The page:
Saturday, December 16th, 2017

Relationship issues for 30-something Taiwanese

I liked Arvin Chen’s 2013 “Will You Still Love Me Tomorrow?” better when I saw it on a big screen with a big, appreciative audience than when I streamed it into my living room. I remembered it as more of a romantic comedy than it is. It is more a melodrama about disappointed women than a comedy, though a very good-hearted but unromantic fiancé (San-San played by Shih Chin-Hang, better known as “Stone”, guitarist in the Taiwanese band Mayday) whose fiancée (Mandy, played by Hsia Kimi) doesn’t just break off the engagement but leaves without telling him she is leaving in a Carrefour supermarket acquires a team of four fairy godfathers who attempt to help him woo her back. They play indoor badminton and San-San is too naïve to know that they are gay.

Stephen (Lawrence Ko) is their leader and knows San-San from having taken the photographs of the bride and groom (in western garb). Stephen is married to a lesbian who is the business manager of the wedding business and hung out with Mandy’s brother Weichung (Johnnie To regular Richie Ren, who was born in 1966) before Weichung married Feng (Mavis Fan, who was born in 1977) nine years earlier and stopped being gay… Well, that is his definition of the situation speaking to Stephen and to other gay men.

Weichung is very attracted to Cantonese flight attendant Thomas (Wong Ka-Look) who is also very attracted to Weichung. Just when Feng is pressuring Weichung to produce e a second child, he is in an emotional tumult not just about falling in love with Thomas in particular, but realizing that he is still gay despite avoiding the scene and his gay friends. Feng happens to see Weichung with Thomas and demands to know if he is gay, which he reluctantly cops to.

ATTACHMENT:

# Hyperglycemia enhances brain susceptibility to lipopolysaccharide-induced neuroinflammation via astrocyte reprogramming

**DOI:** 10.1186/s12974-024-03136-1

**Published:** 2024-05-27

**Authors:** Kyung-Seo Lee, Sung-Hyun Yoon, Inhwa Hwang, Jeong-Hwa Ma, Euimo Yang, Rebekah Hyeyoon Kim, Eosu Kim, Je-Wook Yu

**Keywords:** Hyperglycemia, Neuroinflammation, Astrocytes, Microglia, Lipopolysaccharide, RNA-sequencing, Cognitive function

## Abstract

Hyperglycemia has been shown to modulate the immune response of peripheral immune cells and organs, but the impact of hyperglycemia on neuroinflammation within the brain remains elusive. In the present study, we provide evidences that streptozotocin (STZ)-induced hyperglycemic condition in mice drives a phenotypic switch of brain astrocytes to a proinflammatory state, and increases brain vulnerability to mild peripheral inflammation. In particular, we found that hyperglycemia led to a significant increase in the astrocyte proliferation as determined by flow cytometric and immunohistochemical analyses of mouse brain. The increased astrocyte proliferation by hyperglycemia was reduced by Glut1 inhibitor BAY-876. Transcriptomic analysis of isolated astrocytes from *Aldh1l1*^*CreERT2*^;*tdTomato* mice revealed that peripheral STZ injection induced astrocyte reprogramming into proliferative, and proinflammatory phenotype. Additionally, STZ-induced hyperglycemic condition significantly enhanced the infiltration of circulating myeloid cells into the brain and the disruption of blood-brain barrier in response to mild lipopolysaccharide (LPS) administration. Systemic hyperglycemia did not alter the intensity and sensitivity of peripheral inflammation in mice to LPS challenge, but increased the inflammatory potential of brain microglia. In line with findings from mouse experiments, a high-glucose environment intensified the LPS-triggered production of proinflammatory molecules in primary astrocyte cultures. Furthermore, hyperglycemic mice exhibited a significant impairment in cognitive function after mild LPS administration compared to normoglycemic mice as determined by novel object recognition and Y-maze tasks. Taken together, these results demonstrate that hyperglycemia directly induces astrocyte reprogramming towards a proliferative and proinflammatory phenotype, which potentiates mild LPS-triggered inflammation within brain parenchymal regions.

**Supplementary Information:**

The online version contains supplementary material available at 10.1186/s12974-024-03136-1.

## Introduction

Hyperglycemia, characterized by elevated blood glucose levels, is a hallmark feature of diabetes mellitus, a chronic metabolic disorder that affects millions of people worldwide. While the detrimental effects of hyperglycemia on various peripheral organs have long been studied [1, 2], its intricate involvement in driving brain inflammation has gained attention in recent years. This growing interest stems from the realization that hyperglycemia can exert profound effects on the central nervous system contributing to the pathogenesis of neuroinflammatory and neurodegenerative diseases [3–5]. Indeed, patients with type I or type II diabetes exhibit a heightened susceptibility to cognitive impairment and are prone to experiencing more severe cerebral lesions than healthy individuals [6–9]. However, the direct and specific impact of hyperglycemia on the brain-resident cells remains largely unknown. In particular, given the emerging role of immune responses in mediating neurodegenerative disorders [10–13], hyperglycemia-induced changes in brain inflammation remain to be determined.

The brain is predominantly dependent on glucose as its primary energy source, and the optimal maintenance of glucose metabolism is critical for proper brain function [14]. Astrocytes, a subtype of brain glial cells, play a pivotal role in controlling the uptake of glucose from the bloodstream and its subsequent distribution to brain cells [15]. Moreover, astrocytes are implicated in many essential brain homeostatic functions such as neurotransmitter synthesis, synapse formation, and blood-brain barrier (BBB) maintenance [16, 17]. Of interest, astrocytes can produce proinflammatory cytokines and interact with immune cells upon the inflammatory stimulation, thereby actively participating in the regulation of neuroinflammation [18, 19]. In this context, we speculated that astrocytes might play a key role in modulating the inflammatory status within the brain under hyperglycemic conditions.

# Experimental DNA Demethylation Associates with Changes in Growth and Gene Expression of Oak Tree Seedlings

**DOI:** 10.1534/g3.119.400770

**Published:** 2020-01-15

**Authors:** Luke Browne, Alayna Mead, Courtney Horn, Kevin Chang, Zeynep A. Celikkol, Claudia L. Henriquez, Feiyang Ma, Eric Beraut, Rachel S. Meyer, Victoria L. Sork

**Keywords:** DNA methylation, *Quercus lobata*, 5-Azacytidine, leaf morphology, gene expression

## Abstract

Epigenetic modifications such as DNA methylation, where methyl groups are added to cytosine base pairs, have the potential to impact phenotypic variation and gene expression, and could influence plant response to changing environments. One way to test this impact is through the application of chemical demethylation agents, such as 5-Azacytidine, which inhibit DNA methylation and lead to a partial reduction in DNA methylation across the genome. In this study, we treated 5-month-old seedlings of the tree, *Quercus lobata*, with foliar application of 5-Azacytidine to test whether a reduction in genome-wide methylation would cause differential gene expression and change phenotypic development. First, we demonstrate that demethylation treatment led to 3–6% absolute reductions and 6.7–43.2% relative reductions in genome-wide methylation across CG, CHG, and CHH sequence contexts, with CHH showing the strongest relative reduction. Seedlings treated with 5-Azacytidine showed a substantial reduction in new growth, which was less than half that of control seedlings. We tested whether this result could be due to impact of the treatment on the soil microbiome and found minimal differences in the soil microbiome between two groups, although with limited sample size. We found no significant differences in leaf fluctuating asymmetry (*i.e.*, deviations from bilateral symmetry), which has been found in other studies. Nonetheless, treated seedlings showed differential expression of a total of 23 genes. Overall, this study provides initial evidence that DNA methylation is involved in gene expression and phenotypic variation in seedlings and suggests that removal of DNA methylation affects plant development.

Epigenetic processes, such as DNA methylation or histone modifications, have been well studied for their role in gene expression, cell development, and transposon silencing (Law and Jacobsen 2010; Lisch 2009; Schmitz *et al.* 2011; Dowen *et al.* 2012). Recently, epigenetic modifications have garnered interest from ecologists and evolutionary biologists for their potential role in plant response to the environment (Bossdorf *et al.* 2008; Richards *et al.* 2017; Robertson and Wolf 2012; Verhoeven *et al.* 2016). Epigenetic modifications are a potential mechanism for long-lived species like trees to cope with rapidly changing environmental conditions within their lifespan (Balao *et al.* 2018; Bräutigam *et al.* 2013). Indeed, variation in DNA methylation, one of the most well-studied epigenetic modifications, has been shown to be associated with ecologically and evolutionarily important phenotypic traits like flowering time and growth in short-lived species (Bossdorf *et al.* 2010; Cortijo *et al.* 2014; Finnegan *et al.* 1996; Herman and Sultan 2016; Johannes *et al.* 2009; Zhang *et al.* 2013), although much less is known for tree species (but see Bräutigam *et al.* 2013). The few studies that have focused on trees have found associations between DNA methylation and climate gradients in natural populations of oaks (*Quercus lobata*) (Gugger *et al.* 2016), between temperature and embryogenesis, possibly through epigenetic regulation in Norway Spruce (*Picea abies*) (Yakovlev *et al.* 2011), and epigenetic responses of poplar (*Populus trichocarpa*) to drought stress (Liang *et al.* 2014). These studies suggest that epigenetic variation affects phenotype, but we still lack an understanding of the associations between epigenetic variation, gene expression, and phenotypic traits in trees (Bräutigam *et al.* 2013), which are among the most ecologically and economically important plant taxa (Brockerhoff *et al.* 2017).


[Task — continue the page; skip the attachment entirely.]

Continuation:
Feng’s boss is in love with her, though she fails to notice that. Weichung is a very good father to their six-year-old son A-wan, which she does notice.

And Mandy has a fantasy companion (who calls her “older sister”) a Korean soap-opera star big on Romance (as are San-san’s new gay posse).

Even before there was a shot down at a crowd of umbrellas, the bright colors and the tristesse reminded me of Jacques Demy (The Umbrellas of Cherbourg), as well as Edward Yang (Yi Yi) and Nakajima Takehiro (“Okogé,” with another gay father, Goh, who looks somewhat like Richie Ren) There’s at least one happy ending (scorers may differ about the total number of happy endings). Though sometimes whimsical and often quirkily funny, the movie is dealing with credible relationship difficulties, hopes, and disappointments.

There are no sex scenes, gay or straight, and no violence. Though there are gay characters, I don’t think it is a “gay movie.” Despite processing a lot of pain, it is a feel-good movie, at least for the long-suffering San-San. BTW, Feng sings the title song at a karaoke bar after she is promoted to team leader in a pharmaceutical company. And what is least realistic is not a character flying away but the lack of traffic in the movie’s Taipei.

The Film Movement disc includes a seven-minute interview plus his 2006 short film Mei (twelve and a half minutes).

Rating:4.3/5
Pros: cast, colors, wit
Cons: all emotion, no sex

©10 Jan. 2015, Stephen O. Murray

About The Author

Stephen O. Murray grew up in rural southern Minnesota, earned a B.A. from James Madison College (within Michigan State University), an M.A. from the University of Arizona, a Ph.D. from the University of Toronto (both in sociology), and was a postdoctoral fellow at Berkeley (in anthropology). He is the author of American Gay, Homosexualities, etc. and lives in San Francisco.